Do you love talking about books but feel overwhelmed by the time and pressure of a monthly book club? A pop-up book club may be what’s missing in your life. Rather than regularly recurring meetings, a pop-up book club meets when and how often you want — popping into your life when you want it, and out when you don’t. I know from experience: Every October, my friend Jen and I have a pop-up book club where we read spooky books for Halloween.
Here are four big reasons we’ve found why pop-up book clubs are a great choice for busy readers.
1. You determine how often you read
Most book clubs meet monthly to discuss a book they’ve read. With a pop-up book club, you and your fellow reader(s) can decide how often you’d like to participate, depending on your time, energy, workload, and personal preferences. This could mean reading every other month, each season, yearly, or even just as the mood strikes you.
With my current life demands, reading a few books each autumn is manageable — and fun. My other pop-up book club member, Jen, agrees. “Pop-up book clubs are a great way to enjoy the experience of a book club without the long-term time commitment,” she says. Not to mention you’ll avoid the angst of choosing a new novel each month.
If you don’t want to start your own, many publications, celebrities, local libraries, and other organizations hold book clubs online or in-person for readers to pop in whenever they want.
2. You might actually finish the book
Years ago, when I was part of a regular book club, it was a toss-up each month whether each of the members — myself included — would have the book finished by the time we met. I know our group wasn’t unusual in that respect. It’s long been a joke that many book clubs are secretly wine clubs in disguise, since, even if no one’s read the book, the wine is still flowing.
While it can be fun to meet either way, there’s no doubt that you’ll get a fuller experience having read the entire book beforehand. At the very least, you’ll avoid spoilers. Without the pressure of reading once a month, you might find yourself actually finishing the book with a pop-up club, since you’ll have more time to read. In other words, you can enjoy the wine and the book.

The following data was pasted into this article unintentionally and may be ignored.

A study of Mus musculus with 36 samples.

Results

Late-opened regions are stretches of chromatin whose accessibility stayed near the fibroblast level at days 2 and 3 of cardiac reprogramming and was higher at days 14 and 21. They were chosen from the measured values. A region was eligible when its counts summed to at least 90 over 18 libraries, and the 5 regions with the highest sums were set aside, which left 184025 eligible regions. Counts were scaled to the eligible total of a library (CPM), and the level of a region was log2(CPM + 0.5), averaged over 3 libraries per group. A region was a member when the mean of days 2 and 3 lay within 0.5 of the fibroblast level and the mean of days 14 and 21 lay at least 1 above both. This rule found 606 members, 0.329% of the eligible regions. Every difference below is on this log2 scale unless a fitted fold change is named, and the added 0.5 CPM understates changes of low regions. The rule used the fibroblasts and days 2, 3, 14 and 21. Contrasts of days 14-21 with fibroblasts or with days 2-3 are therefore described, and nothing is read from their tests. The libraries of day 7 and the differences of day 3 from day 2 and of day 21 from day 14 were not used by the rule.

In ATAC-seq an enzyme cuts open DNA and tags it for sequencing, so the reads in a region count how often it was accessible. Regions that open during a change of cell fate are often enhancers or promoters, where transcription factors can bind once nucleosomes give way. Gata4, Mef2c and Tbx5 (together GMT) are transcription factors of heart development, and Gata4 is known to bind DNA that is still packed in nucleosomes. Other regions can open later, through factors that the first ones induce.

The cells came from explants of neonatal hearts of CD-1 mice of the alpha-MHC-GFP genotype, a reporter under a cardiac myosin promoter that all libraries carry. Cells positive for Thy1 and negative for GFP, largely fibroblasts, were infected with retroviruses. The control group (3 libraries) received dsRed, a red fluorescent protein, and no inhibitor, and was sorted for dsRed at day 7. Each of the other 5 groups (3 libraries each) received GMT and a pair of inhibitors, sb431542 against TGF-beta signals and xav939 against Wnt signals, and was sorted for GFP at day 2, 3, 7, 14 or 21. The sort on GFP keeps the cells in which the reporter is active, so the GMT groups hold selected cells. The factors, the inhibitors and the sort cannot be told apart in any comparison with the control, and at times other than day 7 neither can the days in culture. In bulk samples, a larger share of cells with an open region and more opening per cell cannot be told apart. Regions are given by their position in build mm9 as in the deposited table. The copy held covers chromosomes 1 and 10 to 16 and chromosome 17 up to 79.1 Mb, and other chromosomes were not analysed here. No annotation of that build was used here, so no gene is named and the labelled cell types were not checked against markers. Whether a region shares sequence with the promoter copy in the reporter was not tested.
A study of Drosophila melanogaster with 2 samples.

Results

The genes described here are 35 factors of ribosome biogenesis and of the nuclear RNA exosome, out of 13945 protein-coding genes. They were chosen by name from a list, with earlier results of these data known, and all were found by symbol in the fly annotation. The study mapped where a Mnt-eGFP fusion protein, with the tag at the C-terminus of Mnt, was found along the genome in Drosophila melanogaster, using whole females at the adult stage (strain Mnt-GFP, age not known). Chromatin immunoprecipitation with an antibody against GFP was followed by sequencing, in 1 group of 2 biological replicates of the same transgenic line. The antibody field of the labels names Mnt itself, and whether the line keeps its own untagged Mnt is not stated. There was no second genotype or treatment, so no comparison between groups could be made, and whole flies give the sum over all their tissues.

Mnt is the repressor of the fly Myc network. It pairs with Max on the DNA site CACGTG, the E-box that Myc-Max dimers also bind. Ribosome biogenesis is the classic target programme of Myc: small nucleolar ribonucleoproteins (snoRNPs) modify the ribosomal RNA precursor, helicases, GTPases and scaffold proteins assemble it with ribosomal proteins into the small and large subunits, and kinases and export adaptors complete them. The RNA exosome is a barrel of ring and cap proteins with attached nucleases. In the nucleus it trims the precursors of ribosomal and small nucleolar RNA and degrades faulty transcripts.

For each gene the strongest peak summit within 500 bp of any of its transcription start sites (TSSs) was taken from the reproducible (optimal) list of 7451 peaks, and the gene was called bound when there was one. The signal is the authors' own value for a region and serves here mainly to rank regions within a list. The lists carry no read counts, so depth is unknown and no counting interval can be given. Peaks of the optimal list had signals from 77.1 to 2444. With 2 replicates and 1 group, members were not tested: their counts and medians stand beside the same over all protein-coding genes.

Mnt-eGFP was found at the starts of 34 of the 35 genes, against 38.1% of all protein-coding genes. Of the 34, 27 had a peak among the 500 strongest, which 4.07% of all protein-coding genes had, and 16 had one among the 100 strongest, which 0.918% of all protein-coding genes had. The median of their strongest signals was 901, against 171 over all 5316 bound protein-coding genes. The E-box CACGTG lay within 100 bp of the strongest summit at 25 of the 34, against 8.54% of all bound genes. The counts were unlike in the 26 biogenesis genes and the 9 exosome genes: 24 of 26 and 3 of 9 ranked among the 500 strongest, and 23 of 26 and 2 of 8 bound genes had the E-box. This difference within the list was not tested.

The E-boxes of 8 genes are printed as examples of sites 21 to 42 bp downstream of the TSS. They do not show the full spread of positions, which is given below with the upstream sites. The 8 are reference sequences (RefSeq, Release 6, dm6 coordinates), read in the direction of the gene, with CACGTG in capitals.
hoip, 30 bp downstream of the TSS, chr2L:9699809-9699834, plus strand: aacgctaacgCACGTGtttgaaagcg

3. It won’t feel like homework
Since pop-up book clubs meet less frequently, when you do read together, it’ll feel more like a special event. Compare this with regular book clubs, where reading the monthly assigned book can start to feel like homework you’re required to complete.
A pop-up book club allows you to store up the time, energy, enthusiasm, and even funds to devote to making the most of the experience, whether that means savoring the story, cooking a themed dinner for your fellow book clubbers, or enjoying a leisurely discussion at a nicer-than-normal restaurant.
4. It’s fun to read for certain seasons, holidays, or themed months
The beauty of a pop-up book club is that you can read when you want, which means you can tie those reading experiences to the seasons and holidays you most love to celebrate. Each fall, my friend Jen and I look forward to reading creepy horror, mystery, or dark fantasy books in the weeks leading up to Halloween. Together we’ve read and discussed the Richard Matheson classic I Am Legend and contemporary books like Simone St. James’ The Sun Down Motel and Neil Gaiman’s The Ocean at the End of the Lane.
We’ve both enjoyed the experience, as readers and friends. “I love reading spooky books together each fall,” Jen says. “It's a nice way to ring in the shorter days and cooler weather and to be able to share in celebrating the season with one of my favorite things — books.”
If you’re not that into Halloween or creepy stories, try reading challenged novels or comics during Banned Books Week, holiday romances during the winter months, or Black history books in February. You don’t need to limit yourself to seasons or holidays already on the calendar, either. Want to declare a Mystery May? A Summer Beach Reads in July? The possibilities are endless, and may make choosing your books almost as fun as reading them.
About the Author: G.G. Andrew
G.G. is a freelance writer and author of romance and women's fiction, including the short story "Everything Left Unsaid" in the collection A Million Ways: Stories of Motherhood. A Texas transplant, she lives outside Houston with her husband and two sons, both of whom are on the autism spectrum. In her spare time, she enjoys browsing bookstores, yoga, paper crafts, cooking, genealogy, and anything related to Halloween. She's probably drinking tea right now.